Thursday, February 11, 2010

The Plague of Red Light Bandits

California executed Caryl Chessman at 10:00am on May 2, 1960, thereby killing, it thought, the Red Light Bandit. Chessman, an avowed petty criminal, was convicted in 1948 of placing a flashing red light on his car, and then impersonating a police officer, to pull over women and sexually assault them. Kidnapping and sexual assault were capital offenses then.

The Red Light Bandit was somnolent for 6 decades in California before a new, virulent form of red light banditry spread across the globe. Australia, England, Germany, Italy, Netherlands, Singapore, and the United States are afflicted. Cities and towns as diverse as Buffalo, Cedar Rapids, Charlotte, Irvine, New York City, and communities through California and Texas have caught the fever, not to mention Arizona and Virginia. 439 communities in 26 states and the District of Columbia have embraced red light bandits.

This Red Light Bandit is a camera, digitized and computerized, that snaps photos of cars driving through red lights, employing the famous "California rolling stop," or making illegal right turns on red without stopping.

Governments love the cameras, ostensibly to promote safety on the road, but are seduced by the revenues. Los Angeles is reaping $400,000 monthly just for the right turns on red, for which the fine is $381. With fees attached, it’s over $500, not to mention that it constitutes a moving violation on your driver’s record. Insurance do not like to see that. Running a red light is a $446 fine.

Some communities are so entranced by the revenues that they change the rules of the game. The normal yellow light lasts 4 seconds, but these communities lower it to three seconds to increase the number of tickets. We used to label those communities “speed traps.”

The new addition is to add speed censors to the cameras, thereby ticketing “speeders.”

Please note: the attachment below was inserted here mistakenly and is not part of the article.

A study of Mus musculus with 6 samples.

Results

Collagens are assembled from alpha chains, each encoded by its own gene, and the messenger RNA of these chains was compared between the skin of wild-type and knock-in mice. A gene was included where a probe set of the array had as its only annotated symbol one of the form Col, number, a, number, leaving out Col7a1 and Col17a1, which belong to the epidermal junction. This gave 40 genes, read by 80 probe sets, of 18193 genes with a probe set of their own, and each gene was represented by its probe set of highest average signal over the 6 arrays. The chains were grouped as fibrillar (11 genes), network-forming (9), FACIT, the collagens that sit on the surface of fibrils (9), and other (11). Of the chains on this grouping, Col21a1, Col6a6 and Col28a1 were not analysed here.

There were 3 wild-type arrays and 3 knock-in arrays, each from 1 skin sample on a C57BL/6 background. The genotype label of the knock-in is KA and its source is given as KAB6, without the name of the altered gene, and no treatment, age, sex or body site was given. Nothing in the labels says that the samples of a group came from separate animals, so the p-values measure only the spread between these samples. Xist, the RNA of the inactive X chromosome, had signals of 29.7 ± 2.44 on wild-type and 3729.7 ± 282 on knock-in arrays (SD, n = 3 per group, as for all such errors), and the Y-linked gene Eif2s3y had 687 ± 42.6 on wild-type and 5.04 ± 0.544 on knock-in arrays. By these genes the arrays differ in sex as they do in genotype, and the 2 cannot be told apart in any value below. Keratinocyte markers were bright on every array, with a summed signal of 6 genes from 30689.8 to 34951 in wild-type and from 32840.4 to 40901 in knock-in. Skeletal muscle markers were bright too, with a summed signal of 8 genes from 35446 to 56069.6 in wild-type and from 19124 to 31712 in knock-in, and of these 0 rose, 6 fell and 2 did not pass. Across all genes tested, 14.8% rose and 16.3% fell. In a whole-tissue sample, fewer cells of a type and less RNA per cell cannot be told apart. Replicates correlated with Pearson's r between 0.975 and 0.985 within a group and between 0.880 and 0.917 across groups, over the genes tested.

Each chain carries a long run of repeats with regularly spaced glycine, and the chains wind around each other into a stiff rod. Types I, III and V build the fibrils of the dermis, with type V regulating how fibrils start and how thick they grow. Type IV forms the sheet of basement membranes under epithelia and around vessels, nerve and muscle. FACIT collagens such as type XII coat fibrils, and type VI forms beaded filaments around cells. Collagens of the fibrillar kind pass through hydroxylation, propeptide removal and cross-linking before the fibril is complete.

Governor Schwarzenegger, as part of his new budget proposal for California, a state which is at least $20 billion in the red, proposed installing speed sensors, assessing fines of $225 and $325, and earning the state about $500 million annually. Going 1 mile over the speed limit, let’s say 36 in a 35mph zone, would result in a $225 fine, plus additional fees.

The Governator’s proposal is stuck in neutral in Committee. Many states and communities, when citizens get to vote on these cameras, vote them down. Other states, such as Texas, have barred municipalities from installing speed sensors on their cameras, but they can continue with the red light cameras. In addition, the State of Texas can install the speed cameras, if it wishes, on its highways.

Public response, not including voting down the cameras, has been to result in some instances to vigilante justice. The cameras have been shot out, stolen, or otherwise damaged. The response to the equipment failures is to quickly repair (within a day) or replace the unit. Compare that to the response time in filling potholes, which can last years in some communities.

The processes afforded Caryl Chessman at arrest, arraignment, and trial fall far short of the Due Process standards imposed by the Warren Court in the years after his execution. Many believe that he was denied even the rights that existed in 1948.
Be that as it may, he had more rights than those caught by the red light bandits.

One of basic constitutional rights is to confront our accuser. How do you cross-examine a camera, much less one installed and operated by a private company which has a vested interest in maximizing fines, since these companies receive a large percent of the fines. We can cross examine the arresting or ticketing officer, and if the officer fails to appear, have the charges and tickets dropped. We cannot question or cross examine an inanimate object, one which lacks discretion.

Consequently, almost every pays without question these tickets.

But wait until the referendum!

(By way of disclosure, I have not yet received the dreaded red light letter, but since I live next to Irvine, which has a number of these cameras at intersections I drive through, it’s only a matter of time.)